Opinion: I defend my family and my community from my mother’s shoulders, and hers, and hers…


Mothers carry ancient legacies to every generation. Within me is a hard-wired readiness to be the resourceful and fierce protector that my ancestors and my mother were.

Growing up in the United States, it is assumed that Arab women are weak, but I found few weak Arab women in my family, extended family, and other Arab-American families. Across religions, countries and generations, Arab women have showed great courage. Today, I share intergenerational family stories.

Mother’s Day in the Arab world is celebrated on March 21, the first day of spring. When my family immigrated to the United States, Mother’s Day in May seemed redundant. My mom didn’t know why breakfast in bed was special since my dad made breakfast in bed every day. She also wasn’t interested in being herded into a restaurant for brunch.

Unfortunately, she turned Mother’s Day into a day at work. Our dad was usually in the backyard of our East Coast home digging a hole for a tree or fixing a door. My mother took her five children to the basement to unpack the boxes for our latest move. We have moved a lot. My brothers had no idea, so often it was mother-daughter time. We turned to our favorite family photo box to unleash the stories of deckside photos. Each photo contained resonant lessons passed down from mothers and grandmothers. Some were sad, some funny, and many were meaningful. We looked at every facial expression and pose. My mother was a fiction writer in her spare time, but it was these raw, unrehearsed stories from her childhood that captured and fueled my imagination.

One story passed down was of great-grandmother Jamela, whose family lived in Kfarhouna,
a small village in southern Lebanon. The population of Kfarhouna was half Greek Catholic and half Shia Muslim. The two religious communities shared the water source and built their church and mosque nearby and hesitantly supported each other through the tumultuous decades to come. Our ancestral village was a pass and in a bowl surrounded by mountain ranges which prevented bombers from aiming it accurately because the plane could crash into the side of a mountain. Therefore, by default, it became a no-war zone frequently used by armies and refugees.

During World War I and overlapping with the Armenian Genocide, the Ottomans brutally seized Arab lands and banned all agricultural activity during their military occupation. Cultivating and harvesting agricultural land was punishable by death. It doesn’t matter what your religion or ethnicity is. People were starving and children were turning into skeletons, especially in urban areas.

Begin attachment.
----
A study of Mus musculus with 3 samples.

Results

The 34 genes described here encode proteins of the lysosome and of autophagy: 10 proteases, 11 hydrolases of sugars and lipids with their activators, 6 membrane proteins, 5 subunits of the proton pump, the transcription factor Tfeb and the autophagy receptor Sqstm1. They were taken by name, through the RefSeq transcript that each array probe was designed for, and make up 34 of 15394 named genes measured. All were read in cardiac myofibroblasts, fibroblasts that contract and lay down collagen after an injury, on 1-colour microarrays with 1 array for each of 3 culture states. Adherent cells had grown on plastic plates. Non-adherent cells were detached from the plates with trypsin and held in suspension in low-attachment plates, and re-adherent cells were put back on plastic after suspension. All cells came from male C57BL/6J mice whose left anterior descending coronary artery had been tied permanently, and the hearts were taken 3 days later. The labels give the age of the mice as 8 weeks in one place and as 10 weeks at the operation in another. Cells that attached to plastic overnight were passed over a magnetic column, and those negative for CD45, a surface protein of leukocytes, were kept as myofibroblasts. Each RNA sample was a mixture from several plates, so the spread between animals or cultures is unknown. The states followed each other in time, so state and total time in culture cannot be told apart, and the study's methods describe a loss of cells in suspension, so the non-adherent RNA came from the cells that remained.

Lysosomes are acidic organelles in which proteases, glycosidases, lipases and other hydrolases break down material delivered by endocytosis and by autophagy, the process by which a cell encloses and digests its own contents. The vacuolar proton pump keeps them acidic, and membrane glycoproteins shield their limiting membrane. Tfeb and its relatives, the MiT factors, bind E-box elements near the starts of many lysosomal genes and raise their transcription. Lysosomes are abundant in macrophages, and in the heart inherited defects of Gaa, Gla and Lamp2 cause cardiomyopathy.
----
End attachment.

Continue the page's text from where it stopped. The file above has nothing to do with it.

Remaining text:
It was a period of transition between the European colonial empires and the Ottoman Empire during World War I. Great-grandmother Jamela defied the Ottomans and tended a small hidden garden adjacent to her house and hidden from the street. There she grew food for her family and neighbors. Many refugees and visiting armies asked my great-grandmother if they could drink the water that the bags of lebni (yogurt cheese) were dripping into. The bags were not concealed and looked like white linen bleaching in the sun. This water was a form of food and quenched thirst and hunger. In its sheltered garden, a staircase from street level, she grew okra, onions, lentils, mint, tomatoes, sumac, zaatar and a small lemon tree. Another neighbor had a few goats which provided milk and yoghurt. The villagers traded among themselves at nightfall. Abundant wild sumac, a roasted lemon-flavored spice, was the substitute for salt. Within this small circular village, which it took 15 minutes to cover from end to end, they survived. Beirut was heavily fortified and had fewer resources, and that’s where the starving children were.

These women wielded authority and recognition and challenged gender roles while caring for their families with deliciously healthy food, home remedies like fixing a tilted uterus, and brilliant cleaning tips to remove rust. and ink marks. Also, they raised us to be kind of philosophers. We have learned to weigh arguments and to be shrewd, patient and calculating negotiators.

Once, when I was about 9 years old in rural New Jersey, these stories inspired me to grow lentils in our garden. I had a huge harvest one summer. Now I’m a mother bear defending my family and my community from the predators of ignorance and hate. In my nuclear family, when they need a defiant talker, I’m the one they call on. I can’t help but think that I stand on the shoulders of my mother, my grandmothers and my great-grandmother Jamela.